Thursday, February 23, 2012

Utah Education: Low Marks and Sacred Tradition



I have recently been reading Malcolm Gladwell's book Outliers.  If you haven't read the book yet, I highly recommend it.  There are some fascinating lessons on life and success in the book.

One of the chapters deals with the American school system and some of the dynamics that are at play in helping students perform well.  He describes circumstances that have laid the groundwork for education in Western culture versus the education of students in countries like Japan and China.  Attention is drawn to the remarkable difference in test scores between American students and their Asian counterparts.

One of his conclusions is that the rice cultivation culture that has dominated Asian nations for centuries has created a fertile environment to students to perform well in school.  But why?

To answer this, lets look at some data.  Karl Alexander from John Hopkins University conducted a study of students in the Baltimore Maryland area from high, low, and middle income backgrounds.  Using standardized tests, they tracked the students for 5 years with them taking tests at the beginning and end of each school year.  Here is a table of the results:


Lets discuss his findings one section at a time.


This chart is derived from the table at the top.  The blue line is children from high income households.  The red line is low income.  Notice that the test scores are not terribly different in the 1st grade.  However, as time goes on, the difference grows greater and greater.  What is causing this difference?  Are poor children unable to learn as much a their affluent counterparts?  Queue the next chart please:


To find out if the kids were learning or not during the school year, Mr. Alexander tested the children at the beginning of the school year and at the end.  Do you see a broad divergence between the three groups here?  I don't.  In fact, in the 4th and 5th grade, affluent children were tracking just below their middle income and poor counterparts.  If that is the case, how could affluent children be out performing their peers as we saw in the first chart?  Our third chart holds the answer:

  
Because Mr. Alexander tested the children at the beginning and end of the school year, he was able to compare their scores before summer break and after summer break.  Take a look at the above findings.  With negative scores, the poor kids actually lost information over the long summer break after 1st and 2nd grades.  Both the middle and low income kids both show low gains the rest of the time.  However, the affluent kids show tremendous increases over this same period.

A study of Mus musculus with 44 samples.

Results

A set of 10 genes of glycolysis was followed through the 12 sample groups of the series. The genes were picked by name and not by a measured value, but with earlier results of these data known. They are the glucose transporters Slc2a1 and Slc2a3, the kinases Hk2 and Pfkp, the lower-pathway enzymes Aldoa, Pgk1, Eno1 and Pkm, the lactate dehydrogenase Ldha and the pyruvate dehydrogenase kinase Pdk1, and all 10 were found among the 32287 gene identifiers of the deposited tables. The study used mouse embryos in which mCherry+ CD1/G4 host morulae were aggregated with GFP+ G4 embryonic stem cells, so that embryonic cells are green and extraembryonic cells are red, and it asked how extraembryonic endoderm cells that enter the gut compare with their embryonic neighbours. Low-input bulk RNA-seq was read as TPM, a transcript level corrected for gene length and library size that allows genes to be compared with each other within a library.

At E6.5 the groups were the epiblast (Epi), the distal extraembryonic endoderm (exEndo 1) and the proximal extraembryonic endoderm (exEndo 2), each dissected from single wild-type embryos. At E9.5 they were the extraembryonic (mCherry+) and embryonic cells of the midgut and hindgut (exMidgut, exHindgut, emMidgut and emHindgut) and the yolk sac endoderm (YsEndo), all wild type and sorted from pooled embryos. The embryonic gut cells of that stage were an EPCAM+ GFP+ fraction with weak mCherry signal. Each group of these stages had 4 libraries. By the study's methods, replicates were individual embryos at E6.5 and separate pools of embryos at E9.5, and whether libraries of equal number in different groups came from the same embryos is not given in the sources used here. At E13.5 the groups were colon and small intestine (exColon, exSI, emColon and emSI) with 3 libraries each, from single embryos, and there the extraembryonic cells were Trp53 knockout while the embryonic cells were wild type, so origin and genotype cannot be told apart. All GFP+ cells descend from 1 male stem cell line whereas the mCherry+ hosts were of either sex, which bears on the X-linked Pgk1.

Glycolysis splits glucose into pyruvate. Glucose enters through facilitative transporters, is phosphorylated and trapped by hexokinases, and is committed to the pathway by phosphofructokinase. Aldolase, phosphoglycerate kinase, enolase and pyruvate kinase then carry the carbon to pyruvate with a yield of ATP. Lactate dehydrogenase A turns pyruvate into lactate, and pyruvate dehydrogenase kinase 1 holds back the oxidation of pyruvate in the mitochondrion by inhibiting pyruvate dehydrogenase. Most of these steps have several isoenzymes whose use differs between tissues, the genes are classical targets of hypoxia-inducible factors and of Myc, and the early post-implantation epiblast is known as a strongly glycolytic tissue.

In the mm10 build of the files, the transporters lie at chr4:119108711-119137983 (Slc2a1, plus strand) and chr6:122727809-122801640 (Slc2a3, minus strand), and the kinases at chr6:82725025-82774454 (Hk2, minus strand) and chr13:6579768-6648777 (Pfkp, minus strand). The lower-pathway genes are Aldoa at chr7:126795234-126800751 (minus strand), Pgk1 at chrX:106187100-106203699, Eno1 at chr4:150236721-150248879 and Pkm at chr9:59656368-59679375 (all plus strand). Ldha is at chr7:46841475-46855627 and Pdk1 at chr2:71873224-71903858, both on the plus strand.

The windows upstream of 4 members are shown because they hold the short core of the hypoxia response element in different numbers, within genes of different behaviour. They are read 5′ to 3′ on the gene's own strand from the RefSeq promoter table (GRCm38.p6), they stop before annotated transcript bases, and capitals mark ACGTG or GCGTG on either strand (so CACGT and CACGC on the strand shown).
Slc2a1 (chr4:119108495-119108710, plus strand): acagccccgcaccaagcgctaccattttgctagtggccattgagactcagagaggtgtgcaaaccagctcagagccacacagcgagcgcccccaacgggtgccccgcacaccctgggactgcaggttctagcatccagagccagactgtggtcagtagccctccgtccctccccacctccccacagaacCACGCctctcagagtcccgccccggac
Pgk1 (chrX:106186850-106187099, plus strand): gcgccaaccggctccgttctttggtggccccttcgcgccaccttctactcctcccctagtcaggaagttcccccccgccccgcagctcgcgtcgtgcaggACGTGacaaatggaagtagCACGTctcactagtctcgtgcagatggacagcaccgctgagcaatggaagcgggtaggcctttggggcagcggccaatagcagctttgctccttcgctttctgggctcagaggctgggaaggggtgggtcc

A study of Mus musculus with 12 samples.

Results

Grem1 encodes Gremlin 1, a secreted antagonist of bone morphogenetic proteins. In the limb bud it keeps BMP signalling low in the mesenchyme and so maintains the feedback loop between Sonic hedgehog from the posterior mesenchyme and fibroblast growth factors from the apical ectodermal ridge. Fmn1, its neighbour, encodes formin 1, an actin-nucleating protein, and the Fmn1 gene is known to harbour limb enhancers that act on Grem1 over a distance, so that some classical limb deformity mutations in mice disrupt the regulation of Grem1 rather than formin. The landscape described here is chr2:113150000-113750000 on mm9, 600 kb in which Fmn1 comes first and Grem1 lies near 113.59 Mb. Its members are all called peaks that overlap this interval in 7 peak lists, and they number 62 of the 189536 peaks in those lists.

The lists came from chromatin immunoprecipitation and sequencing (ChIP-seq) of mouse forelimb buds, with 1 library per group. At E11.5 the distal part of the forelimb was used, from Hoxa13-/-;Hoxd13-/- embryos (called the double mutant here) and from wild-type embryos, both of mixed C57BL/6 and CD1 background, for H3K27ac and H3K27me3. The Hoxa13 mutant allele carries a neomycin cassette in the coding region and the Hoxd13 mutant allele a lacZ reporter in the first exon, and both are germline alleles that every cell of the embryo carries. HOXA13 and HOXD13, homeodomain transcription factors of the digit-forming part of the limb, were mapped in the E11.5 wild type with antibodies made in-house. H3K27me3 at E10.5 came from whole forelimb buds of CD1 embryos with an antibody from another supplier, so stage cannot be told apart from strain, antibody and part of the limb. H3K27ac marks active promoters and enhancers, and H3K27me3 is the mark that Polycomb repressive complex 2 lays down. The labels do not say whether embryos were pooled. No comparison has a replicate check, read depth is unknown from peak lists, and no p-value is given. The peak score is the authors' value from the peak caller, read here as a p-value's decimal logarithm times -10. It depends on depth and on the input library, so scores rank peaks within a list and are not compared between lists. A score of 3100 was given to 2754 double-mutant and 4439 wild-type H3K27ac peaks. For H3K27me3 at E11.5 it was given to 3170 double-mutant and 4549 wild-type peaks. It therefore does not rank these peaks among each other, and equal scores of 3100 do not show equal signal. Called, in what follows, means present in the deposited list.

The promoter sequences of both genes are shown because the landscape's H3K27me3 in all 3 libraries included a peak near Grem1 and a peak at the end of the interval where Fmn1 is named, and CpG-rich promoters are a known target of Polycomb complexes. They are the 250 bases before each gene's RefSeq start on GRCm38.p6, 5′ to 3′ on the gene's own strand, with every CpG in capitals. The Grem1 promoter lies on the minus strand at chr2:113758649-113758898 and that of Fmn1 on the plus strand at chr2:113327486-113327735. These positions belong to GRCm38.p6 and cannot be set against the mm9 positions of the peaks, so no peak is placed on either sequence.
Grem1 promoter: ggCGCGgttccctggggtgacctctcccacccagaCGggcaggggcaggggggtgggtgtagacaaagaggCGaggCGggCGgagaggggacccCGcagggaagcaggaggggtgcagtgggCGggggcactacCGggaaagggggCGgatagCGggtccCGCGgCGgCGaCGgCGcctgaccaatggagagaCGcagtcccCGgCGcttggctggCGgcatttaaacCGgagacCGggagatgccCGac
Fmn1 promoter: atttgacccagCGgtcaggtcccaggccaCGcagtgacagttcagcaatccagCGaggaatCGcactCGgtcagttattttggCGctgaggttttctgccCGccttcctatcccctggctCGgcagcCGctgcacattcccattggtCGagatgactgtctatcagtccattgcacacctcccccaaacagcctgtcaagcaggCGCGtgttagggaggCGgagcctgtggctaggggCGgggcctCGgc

The study revealed a compelling and unsurprising reason for the difference.  The answer?  Affluent parents can afford to keep their children busy with learning opportunities during the summer months.  The leisurely summer days spent by the low and middle income kids just aren't filled with the same learning opportunities.  Their parents often plop them in front of the TV or mind numbing distractions.  Meanwhile, the affluent kids are getting training in music, language, and other extra-curricular activities during the summer.

Regardless of income, the kids demonstrate equal intelligence.  The difference is the opportunity for learning.  Kids that come from well off homes in America tend to have more opportunity, via parental intervention, than those that don't.  This brings us back to the difference between American students and those from Japan and China. 

The average American school year is 180 days.  South Korea has a school year of 220 days and Japan tops out at 242 days.  With so much opportunity for learning, is it any wonder that these countries excel at educating their children?

This education ethos from the Orient stems from work ethos forged by centuries of cultivating rice patties.  Unlike America's ancestors from the European feudal order of agriculture, where peasants spent only a third of their time in useful work during the planting and harvesting seasons, Oriental peasants harvested and planted year round and were self-employed in doing so.  The incentive structures and work ethics for these historical cultures couldn't be more different from one another.  Strikingly, as is detailed on Outliers, this cultural heritage telegraphs to societies today...for better or worse. 

The trick to competing and improving in America is to recognize the inherent weaknesses in our system and adapt to them.  Many schools have extended school days or more teaching days per year to increase the opportunities for learning and student improvement.  Perhaps it is time for us in Utah to review some of our time honored traditions, such as summer break, and seek other ways to provide excellence in education.            

2 comments:

  1. Great analysis Jeremy, I think it's time for alot of states to take a fresh look at educational practices. After all doing the same thing over and over again and expecting different results is defined as insanity!


    Nevertheless, the largest obstacle to overcome will be the general public and the parents of the students in the system.